I think one of the first and key pieces of irony that we are presented with in the novel is when the Dursley family try to do everything they possibly can to escape and run away from the letters Harry keeps on receiving from Hogwarts, but all it does is make things worse! Even when they completely de-camp and move to an isolated island they cannot stop Harry receiving the letter that tells him he has been selected to study at Hogwarts as a wizard.
If you want to think about other examples of irony in the story, you can think about the way that the author plants the red herring of the villain being Snape, when all along it is professor Quiddle. The fact that Harry insists that it is Snape all along is ironic given how close he is to working out the truth on a number of occasions.
One example of irony in the first Harry Potter book is the fact that while Harry, Ron, and Hermione were fixating on Snape being the evil man trying to revive Dumbledore and at one point even pitied Quirrell for being bullied by Snape, Quirrell was the real "bad guy" at the end of the novel. This is ironic because the plot travels in almost the exact opposite direction as what the characters and readers expected. Therefore, in this scenario irony is used as a plot twist.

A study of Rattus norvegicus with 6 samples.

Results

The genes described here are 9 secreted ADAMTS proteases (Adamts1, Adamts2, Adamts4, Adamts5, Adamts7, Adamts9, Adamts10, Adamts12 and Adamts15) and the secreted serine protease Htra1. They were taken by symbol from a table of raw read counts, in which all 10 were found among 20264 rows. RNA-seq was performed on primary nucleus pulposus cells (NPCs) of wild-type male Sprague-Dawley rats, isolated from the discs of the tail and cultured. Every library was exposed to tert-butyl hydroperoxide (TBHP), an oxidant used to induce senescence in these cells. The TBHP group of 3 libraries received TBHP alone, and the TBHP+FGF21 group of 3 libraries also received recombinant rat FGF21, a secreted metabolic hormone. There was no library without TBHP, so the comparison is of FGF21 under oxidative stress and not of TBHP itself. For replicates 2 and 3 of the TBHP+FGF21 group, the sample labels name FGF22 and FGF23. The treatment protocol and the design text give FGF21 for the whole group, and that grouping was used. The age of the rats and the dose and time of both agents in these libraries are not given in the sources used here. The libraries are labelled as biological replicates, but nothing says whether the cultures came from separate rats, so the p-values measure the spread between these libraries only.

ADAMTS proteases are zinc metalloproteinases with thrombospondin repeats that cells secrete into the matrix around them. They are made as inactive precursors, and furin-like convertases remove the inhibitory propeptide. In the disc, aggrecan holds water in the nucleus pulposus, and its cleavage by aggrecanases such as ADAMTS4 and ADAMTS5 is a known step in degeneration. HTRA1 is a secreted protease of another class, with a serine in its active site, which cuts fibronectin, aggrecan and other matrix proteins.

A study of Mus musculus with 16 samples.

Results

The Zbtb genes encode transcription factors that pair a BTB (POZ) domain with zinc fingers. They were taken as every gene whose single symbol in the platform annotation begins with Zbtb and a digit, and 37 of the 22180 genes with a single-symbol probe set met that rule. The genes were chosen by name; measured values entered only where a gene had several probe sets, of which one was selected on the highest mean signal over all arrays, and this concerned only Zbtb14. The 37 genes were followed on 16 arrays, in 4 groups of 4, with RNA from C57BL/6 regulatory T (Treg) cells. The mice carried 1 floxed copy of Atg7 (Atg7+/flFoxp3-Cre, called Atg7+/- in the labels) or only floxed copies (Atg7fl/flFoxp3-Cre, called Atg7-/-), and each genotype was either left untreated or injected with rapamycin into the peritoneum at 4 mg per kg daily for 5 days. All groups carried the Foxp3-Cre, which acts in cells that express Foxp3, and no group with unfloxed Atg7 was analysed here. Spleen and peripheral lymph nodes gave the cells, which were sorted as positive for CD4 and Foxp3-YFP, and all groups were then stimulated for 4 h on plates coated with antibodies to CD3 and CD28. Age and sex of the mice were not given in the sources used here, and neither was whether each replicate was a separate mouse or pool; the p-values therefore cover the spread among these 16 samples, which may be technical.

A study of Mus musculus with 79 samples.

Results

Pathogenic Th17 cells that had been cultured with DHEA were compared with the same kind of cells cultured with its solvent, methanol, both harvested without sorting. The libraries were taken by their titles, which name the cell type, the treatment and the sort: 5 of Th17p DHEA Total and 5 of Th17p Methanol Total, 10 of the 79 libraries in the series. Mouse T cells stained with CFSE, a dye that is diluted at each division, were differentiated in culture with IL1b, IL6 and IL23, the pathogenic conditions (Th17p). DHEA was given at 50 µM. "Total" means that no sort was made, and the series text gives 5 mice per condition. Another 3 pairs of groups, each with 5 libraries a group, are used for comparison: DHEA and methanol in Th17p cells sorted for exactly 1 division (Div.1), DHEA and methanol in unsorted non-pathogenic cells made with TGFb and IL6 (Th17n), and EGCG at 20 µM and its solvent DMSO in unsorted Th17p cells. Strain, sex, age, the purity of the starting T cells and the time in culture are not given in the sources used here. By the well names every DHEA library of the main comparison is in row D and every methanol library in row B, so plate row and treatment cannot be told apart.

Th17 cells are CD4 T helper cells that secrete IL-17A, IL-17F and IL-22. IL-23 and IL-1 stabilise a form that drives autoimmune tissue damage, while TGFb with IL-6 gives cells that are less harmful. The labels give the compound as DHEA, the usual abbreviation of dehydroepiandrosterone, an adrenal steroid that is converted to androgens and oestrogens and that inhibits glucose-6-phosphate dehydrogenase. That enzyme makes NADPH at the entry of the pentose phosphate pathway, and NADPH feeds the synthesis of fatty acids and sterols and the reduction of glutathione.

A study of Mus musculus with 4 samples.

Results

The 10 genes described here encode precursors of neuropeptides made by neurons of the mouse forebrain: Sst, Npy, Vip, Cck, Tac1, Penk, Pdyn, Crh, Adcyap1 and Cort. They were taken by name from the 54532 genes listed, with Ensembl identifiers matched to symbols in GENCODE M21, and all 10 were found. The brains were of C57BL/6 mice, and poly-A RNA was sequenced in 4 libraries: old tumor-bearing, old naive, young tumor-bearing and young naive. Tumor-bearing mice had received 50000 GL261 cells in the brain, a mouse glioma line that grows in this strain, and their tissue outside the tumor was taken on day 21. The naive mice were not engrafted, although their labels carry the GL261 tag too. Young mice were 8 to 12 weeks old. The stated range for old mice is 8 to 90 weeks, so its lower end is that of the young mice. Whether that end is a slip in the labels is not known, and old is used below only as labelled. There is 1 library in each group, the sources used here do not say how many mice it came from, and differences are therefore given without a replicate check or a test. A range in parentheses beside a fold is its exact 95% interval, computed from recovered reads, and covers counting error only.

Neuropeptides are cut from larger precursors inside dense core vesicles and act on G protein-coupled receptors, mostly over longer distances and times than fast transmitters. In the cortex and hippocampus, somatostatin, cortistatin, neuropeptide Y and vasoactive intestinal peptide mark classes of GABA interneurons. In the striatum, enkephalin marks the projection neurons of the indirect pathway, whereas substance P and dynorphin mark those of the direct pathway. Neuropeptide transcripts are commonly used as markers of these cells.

In the first book, Harry, Ron, and Hermione go in with the expectation that Snape is the one in league with Voldemort. In actuality, Quirrel is the one who let Voldemort occupy his body and devised a way to get to the Sorcerer's Stone. And just some light humor: Fred and George bewitch snowballs to bounce off Quirrel's Turban. That is funny in itself. But a layer of ironic humor lies in the fact that that was basically Voldemort's face.